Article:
Europe’s attempt to cut down migration to Europe has forced African migrants into bordering countries.

Nigeriens and sub-Saharan migrants head towards Libya
Nigeriens and sub-Saharan migrants head toward Libya on June 4, 2018.
Jerome Delay/AP
Madeleine Ngo covers economic policy for Vox. She previously worked at the New York Times, the Wall Street Journal, Bloomberg, and the Philadelphia Inquirer.

The European migrant crisis is ongoing — and its impact is being felt all over the world.

One unexpected place is Algeria, a country which has expelled 13,000 migrants over the past 14 months, leaving them stranded in the Sahara desert without food or water.

As the European Union shuts down trafficking routes and other European leaders enact policies to cut down migration, some sub-Saharan African migrants from countries including Libya, Mali, and Niger have ended up in bordering countries like Algeria.

Migrants — including pregnant women and children — are dropped off in the desert and forced to walk on foot to Niger, according to the Associated Press. They must endure harsh conditions, such as temperatures up to 118 degrees Fahrenheit, while heading to Niger, which lies on the southern border of Algeria; some migrants are even threatened at gunpoint. And the country doesn’t seem to have any plans for how to improve the situation.

“They bring you to the end of Algeria, to the end in the middle of the desert, and they show you that this is Niger,” Tamba Dennis, a Liberian who lived in Algeria on an expired work visa, told the AP. “If you can’t bring water, some people die on the road.”

Janet Kamara, a Liberian migrant, told the AP that she gave birth to a stillborn child and later had to bury her child in a shallow grave in the desert. Other migrants, who were originally from Niger, were forced back to their home country on cramped trucks and buses.

Some migrants have left their home countries and ended up in Algeria in search of work or in hope of eventually making it to Europe.

Their treatment has raised serious questions about human rights abuse in Algeria, though the country continues to deny criticism that deporting migrants and leaving them stranded in the Sahara is abusive. The European Union has said that they were aware of Algeria’s inhumane process but that “sovereign countries” are allowed to expel migrants as long as they adhere to international law.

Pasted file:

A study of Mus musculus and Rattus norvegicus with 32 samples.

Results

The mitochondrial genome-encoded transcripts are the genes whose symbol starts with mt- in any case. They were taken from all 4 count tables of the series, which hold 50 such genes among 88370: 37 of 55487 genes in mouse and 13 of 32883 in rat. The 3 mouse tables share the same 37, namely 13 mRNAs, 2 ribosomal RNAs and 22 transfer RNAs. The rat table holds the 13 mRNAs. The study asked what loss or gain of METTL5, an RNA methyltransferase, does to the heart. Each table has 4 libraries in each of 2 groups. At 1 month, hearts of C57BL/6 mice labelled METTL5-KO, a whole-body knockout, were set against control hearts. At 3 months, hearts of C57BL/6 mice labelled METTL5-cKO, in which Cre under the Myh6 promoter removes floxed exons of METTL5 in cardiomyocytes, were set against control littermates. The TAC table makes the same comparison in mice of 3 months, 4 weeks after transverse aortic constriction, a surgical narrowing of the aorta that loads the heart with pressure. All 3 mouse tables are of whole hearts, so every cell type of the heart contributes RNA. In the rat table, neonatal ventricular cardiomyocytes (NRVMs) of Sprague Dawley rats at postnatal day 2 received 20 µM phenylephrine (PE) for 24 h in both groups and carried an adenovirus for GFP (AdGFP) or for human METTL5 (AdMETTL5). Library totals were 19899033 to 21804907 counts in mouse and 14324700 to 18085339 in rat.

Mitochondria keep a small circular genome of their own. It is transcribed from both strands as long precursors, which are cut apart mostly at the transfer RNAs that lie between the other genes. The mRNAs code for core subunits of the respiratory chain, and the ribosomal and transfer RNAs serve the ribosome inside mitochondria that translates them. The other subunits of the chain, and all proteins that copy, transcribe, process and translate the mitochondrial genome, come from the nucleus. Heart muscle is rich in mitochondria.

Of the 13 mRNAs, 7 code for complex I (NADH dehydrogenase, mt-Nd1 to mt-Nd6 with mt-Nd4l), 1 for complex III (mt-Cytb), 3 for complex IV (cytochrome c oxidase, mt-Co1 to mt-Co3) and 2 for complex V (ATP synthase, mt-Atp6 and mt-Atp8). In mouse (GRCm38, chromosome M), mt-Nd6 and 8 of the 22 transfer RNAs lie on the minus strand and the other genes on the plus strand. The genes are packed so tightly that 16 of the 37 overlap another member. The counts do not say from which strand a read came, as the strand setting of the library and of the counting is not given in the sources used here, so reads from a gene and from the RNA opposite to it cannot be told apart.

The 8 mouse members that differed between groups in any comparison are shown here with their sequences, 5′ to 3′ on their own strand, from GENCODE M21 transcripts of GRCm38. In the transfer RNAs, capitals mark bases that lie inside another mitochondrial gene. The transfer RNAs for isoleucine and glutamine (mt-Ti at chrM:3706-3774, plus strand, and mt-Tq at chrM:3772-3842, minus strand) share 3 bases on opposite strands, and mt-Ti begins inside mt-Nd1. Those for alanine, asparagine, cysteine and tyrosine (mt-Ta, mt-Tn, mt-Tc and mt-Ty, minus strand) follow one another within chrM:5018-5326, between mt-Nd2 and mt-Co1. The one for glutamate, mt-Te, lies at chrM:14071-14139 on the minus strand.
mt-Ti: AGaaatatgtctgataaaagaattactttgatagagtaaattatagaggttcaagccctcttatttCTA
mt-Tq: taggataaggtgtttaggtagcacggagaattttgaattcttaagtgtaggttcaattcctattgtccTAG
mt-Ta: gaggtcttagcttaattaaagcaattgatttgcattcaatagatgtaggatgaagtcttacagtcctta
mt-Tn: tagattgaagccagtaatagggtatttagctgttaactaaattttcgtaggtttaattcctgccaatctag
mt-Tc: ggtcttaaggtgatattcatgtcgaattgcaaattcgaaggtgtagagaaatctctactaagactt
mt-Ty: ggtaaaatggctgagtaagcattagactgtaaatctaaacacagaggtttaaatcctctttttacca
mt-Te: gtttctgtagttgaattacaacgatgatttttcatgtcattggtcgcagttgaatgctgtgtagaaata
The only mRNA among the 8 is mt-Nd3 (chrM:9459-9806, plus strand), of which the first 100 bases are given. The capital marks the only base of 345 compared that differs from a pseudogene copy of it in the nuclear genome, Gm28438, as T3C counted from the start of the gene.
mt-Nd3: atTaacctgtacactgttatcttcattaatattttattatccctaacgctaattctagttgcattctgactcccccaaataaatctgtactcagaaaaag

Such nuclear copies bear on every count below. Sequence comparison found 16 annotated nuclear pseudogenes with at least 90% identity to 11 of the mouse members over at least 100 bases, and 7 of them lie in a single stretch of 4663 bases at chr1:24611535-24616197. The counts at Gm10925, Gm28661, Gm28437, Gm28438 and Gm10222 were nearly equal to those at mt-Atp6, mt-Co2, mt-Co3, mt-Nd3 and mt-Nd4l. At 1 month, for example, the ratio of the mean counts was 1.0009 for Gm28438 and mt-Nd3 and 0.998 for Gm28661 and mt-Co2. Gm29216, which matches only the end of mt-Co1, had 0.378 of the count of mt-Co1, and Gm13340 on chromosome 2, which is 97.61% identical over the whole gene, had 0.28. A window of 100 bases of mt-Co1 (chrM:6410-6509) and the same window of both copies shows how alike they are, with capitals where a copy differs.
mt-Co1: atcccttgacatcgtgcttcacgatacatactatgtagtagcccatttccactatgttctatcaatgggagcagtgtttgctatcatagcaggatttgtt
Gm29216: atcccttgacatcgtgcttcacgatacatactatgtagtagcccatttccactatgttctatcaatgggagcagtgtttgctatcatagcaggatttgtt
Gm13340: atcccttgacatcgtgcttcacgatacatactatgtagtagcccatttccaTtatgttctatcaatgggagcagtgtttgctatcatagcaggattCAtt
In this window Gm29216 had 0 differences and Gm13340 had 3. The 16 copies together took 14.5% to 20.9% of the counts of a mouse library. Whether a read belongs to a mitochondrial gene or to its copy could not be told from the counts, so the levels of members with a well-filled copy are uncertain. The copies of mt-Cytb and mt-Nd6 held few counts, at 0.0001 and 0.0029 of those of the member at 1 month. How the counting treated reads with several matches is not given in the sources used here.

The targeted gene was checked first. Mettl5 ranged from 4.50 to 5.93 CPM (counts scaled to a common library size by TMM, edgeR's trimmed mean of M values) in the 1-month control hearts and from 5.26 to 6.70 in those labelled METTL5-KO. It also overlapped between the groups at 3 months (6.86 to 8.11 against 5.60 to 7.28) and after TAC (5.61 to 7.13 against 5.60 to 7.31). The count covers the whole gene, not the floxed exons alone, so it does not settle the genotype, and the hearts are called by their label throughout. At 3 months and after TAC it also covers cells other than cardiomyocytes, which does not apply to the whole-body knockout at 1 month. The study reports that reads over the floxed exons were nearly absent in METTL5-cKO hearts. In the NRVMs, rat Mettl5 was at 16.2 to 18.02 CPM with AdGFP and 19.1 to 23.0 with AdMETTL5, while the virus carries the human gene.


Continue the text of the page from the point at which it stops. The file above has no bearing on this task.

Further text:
The migrant crisis is getting worse. Some countries don’t seem to care.

The number of migrants in the world has rapidly grown, reaching 258 million people in 2017, according to a UN report. That’s an increase of 14 million people from 2015, which reported about 244 million migrants.

And while the number of migrants is climbing, European nations and other countries in the world are starting to shut down their borders.

Some European leaders have tried to find a solution that respects migrant rights. German Chancellor Angela Merkel has been advocating for an EU-wide approach to finding a home for migrants, and France’s President Emmanuel Macron recently backed an initiative to sanction EU countries that turn away migrants. But their efforts have been met with widespread backlash from conservative parties.

Other countries like the US and Italy have been strictly enforcing policies that severely limit the number of migrants allowed to stay in the country. Earlier this month, President Donald Trump has come under fire recently for his separations of families at the border under his “zero tolerance” policy to curb immigration, while Italy turned away a boat filled with African migrants. Spain’s Prime Minister Pedro Sánchez allowed the boat to dock in Valencia after it was stranded at sea for two days between Malta and the Italian island Sicily.

Many of the conflicts and causes of migration, like the Syrian war and Venezuela’s mass exodus, show no signs of abating. If countries continue to shut them out, the migrant crisis is likely to get much, much worse.